Energy efficiency means using less energy to provide the same service, therefore making your home more energy efficient will result in lower utility costs and reducing your household’s impact on the environment. The two biggest sources of a home’s energy usage are it’s HVAC system and hot water heater. The HVAC system is what keeps your home cool during the summer and warm during the winter. Having air leaks in windows and doors can make your HVAC system work harder than it has to. You can also make your hot water heater use more energy than it needs to by having it at a higher temperature than necessary. Keeping your house well insulated, as well as preventing air leaks and maintaining a proper temperature for hot water can lead to great cost savings, and a more comfortable home. To simplify this, you can keep in mind two concepts:
1. The longer your home holds heat, the less your heating system has to run.
2. The less hot water you use, the lower your heating costs will be.
When it comes to the energy efficiency (or inefficiency) of your home or office, the overall result is usually made up of lots of little things: a phone charger here, a drafty window there. Fixing all of those little problems can add up to big energy savings, which is great for both the environment and your wallet.
Improving the energy efficiency of your space doesn’t have to be a huge undertaking; in fact, in most cases, it’s a matter of making a few minor, but important, changes in your habits around the house. Here are some tips to help you discover and combat common energy efficiency problems that might impact your home.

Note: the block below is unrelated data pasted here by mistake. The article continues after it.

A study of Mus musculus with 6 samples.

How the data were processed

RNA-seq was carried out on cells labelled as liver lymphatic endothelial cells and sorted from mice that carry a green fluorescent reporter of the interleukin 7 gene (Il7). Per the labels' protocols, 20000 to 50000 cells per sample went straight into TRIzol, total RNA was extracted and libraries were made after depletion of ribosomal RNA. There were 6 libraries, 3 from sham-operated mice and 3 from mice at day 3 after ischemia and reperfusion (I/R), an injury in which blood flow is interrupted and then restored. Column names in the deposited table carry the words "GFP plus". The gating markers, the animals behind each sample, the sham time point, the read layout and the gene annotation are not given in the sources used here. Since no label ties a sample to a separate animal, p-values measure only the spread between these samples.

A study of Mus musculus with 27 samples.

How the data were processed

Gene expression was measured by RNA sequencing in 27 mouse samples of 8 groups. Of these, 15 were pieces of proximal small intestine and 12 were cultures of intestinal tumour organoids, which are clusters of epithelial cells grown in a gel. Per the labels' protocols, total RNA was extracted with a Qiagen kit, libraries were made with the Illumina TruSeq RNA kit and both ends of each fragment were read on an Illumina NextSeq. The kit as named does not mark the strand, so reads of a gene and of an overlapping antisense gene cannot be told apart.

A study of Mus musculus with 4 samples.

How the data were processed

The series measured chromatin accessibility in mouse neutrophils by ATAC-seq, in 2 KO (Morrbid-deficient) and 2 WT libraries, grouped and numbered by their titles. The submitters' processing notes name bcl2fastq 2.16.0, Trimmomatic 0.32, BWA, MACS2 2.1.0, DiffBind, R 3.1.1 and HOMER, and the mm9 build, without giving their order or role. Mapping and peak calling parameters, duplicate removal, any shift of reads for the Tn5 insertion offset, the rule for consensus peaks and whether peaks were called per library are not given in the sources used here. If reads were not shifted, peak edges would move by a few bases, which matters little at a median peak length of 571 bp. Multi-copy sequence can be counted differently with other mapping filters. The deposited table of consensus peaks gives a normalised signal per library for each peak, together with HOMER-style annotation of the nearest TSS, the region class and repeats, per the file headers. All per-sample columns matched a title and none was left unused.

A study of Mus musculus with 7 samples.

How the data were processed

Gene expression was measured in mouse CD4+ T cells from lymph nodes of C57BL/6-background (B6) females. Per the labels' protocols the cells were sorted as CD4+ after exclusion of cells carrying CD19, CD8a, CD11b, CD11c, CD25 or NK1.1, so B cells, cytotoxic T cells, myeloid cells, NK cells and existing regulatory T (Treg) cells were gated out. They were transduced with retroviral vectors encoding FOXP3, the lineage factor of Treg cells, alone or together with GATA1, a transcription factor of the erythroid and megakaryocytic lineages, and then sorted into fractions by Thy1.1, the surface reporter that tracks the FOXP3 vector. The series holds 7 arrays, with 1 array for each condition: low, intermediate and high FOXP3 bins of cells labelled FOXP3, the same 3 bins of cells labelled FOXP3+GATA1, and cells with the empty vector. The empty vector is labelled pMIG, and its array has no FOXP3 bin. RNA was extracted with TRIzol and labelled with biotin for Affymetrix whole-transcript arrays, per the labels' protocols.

Tips for an Energy Efficient Home
- Connect electronic equipment to power strips and turn off when not in use.
- Change light bulbs to ENERGY STAR rated compact florescent bulbs, (CFL) and be sure to recycle them properly.
- Check out one of Bluegrass Greensource’s Energy Audit Kits from your local library.
- Unplug your any battery charges and power adaptors when not in use, (like your cell phone charger!)
- Turn your water heater temperature down to 120 degrees.
- Use a thermometer to adjust your refrigerators temperature to stay around 37 degrees.
- Use window treatments to block out sun in the summer and let it in during the winter.
- Only use ceiling fans when you’re in the room.
- If possible, turn the dryer option of your dishwasher off. If not possible, stop the dishwasher and prop open the door and let the dished air dry.
- Don’t overdry your clothes and clean the lint trap before every load.
- Keep air registers, returns and doors open and clear.